BY: INGRID TISCHER
It is with great honor that I present to you an article, written by a dear friend of mine in the disability community, NMD (neuromuscular disease) community, and a fellow disability rights activist. Her thoughts on this, and many other topics, so often mirror my own.
Every family has its stories. In my family, many of them end with The Debunking of the Experts. A classic one is about the first specialist the pediatrician referred my parents to when I wasn’t crawling. “She will never walk!” he is said to have declared. Say what you will about fearing the unknown; my parents were buffeted around by so much medical certainty, it’s amazing they didn’t develop whiplash.
Long story short, I did walk, and I went to school, even though a misdiagnosis required my parents to find proof I was educable. Later, I defied other odds and went to work. My family never expected anything else. That was fortunate, because if I lacked stereotypes that hold many girls and women with disabilities back, I also lacked role models.
No one else in my family is visibly disabled and I was mainstreamed after a “special” pre-school/kindergarten. I have almost always been the only “out” disabled person in my workplace. Once I tried to downplay the disability but now I question why I’m so often the one “special needs” employee: the woman with muscular dystrophy.
Last Labor Day was the 40th Jerry Lewis Telethon for Muscular Dystrophy. It was tough to watch mostly because of the cognitive dissonance of seeing people who are ostensibly like myself, yet not. Not because they’re more disabled but because they’re portrayed as wretched/heroic. So not me.
I’ve contacted friends and colleagues for the past two years, asking them to send emails of protest to the Muscular Dystrophy Association (MDA). I do it because I’m employed and too few women with disabilities are, a situation caused in part by the stereotypes the Telethon perpetuates.
Barbara Ehrenreich complained, quite rightly, about the infantilizing treatment she received after being diagnosed with breast cancer. MDA may think it has sidestepped that issue by using actual children in the Telethon. It’s hard to complain that Lewis is treating kids like children. But I’m pretty sure no one ever told Ehrenreich that she was half of a person because she had breast cancer. That’s what Lewis said on CBS Morning Show in 1999: Having muscular dystrophy makes you “half a person.”
Whenever I think about that, I want to say to Ehrenreich, “I’ll trade you the pink-ribbon teddy bear for Jerry Lewis any day.”
Minutes after I tuned in this year, a little girl was profiled in a video montage before she and her parents joined the host on stage. She sat listening quietly as her parents talked about how their little girl didn’t have a future.
Unlike “normal” children, she was “confined” to a wheelchair and could be “struck down” at any moment. You couldn’t see how these dramatic statements affected her because a “Call Now” graphic covered the lower portion of the screen — right where her face was, and where the face of any person who uses a wheelchair would be expected to be.
Here’s the thing: Little girls who hear they don’t have futures become women who don’t have jobs. And people will never care that women with disabilities are excluded from their work places if they think of us as faceless bodies with special needs instead of women with equal rights.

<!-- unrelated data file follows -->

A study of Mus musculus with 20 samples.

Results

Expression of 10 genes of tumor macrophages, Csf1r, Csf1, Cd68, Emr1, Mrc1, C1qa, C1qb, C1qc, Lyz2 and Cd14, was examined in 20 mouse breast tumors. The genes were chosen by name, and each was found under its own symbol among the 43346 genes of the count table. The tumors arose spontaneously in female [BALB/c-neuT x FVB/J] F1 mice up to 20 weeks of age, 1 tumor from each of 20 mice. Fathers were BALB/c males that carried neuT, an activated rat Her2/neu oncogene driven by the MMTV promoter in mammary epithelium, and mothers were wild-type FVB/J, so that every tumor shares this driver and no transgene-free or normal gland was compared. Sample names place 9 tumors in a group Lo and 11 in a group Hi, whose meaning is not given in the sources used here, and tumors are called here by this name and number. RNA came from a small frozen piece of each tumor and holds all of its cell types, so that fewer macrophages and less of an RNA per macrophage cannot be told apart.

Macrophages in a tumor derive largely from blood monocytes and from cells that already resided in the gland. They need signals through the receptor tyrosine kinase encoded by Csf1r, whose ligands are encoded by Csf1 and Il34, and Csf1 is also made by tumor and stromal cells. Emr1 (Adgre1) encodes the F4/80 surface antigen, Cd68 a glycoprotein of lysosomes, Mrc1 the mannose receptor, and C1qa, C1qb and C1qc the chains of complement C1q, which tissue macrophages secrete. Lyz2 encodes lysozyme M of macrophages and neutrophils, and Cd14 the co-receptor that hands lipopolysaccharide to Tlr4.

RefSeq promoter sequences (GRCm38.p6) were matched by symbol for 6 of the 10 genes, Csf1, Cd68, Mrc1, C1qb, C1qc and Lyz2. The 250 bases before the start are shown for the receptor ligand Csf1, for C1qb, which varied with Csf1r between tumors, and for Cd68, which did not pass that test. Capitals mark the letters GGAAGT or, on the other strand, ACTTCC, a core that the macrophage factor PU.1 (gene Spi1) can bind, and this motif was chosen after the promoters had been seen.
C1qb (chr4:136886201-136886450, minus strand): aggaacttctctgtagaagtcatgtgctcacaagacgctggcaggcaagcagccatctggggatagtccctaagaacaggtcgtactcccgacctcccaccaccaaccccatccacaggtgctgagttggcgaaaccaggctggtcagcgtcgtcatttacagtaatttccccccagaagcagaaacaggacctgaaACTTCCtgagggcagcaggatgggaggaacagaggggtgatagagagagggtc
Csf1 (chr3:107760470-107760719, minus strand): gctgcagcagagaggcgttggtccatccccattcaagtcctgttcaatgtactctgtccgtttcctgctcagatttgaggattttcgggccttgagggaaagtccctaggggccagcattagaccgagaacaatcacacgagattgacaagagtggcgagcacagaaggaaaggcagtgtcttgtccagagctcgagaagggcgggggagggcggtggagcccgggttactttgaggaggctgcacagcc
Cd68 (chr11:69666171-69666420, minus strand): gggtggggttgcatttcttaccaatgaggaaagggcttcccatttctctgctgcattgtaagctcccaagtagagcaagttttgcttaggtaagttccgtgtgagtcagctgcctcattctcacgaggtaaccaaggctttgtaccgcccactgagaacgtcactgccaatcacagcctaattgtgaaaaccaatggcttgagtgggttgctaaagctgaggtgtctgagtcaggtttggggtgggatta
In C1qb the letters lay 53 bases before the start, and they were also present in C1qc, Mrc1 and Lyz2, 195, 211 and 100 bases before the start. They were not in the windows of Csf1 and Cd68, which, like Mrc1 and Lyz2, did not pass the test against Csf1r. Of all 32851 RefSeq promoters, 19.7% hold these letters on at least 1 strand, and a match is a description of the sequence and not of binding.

Ironically, the MDA Telethon is held annually over the Labor Day weekend, yet is presided over by Jerry Lewis who declared on air, “My kids cannot go into the workplace.” In an interview on CBS Sunday Morning, Lewis was not apologetic about using stereotypes, or his contempt for people with muscular dystrophy who object to being demeaned in this way: “If it’s pity, we’ll get some money. Pity? You don’t want to be pitied because you’re a cripple in a wheelchair? Stay in your house!”
Lewis’ use of the word “kids” as in “kids in the workplace” and “Jerry’s kids” show how persistent — and unquestioned — stereotypes often are. We know Lewis isn’t saying kids should work. He meant “adults.” Who he feels entitled to refer to as children, which is excused because he “means well.” Many women couldn’t care less that a man can “mean well” when he calls a woman a “girl.” Or “sweetie.”
If I don’t put up with sexist behavior in order to get a paycheck, why would I excuse another kind of discrimination because it’s connected to a donation? I can’t imagine Equal Rights Advocates, where I work, promoting a spokesman at our annual luncheon who said, “My girls cannot go into the workplace.”
According to the Center for Research on Women With Disabilities at Baylor College of Medicine, 26 percent of women with disabilities live below the poverty line, as compared with 10 percent of women without disabilities; and 31 percent of women with disabilities are employed full-time, as compared with 69 percent of those without disabilities.
These numbers show the effects of the stereotyping and discrimination to which women with disabilities have been subjected for too long. That brings us back to the “question” about girls with disabilities and their futures. Are those futures going to be better than these grim numbers predict they will be?
This was originally published in November 2005 in the Bay Area Business Women’s News.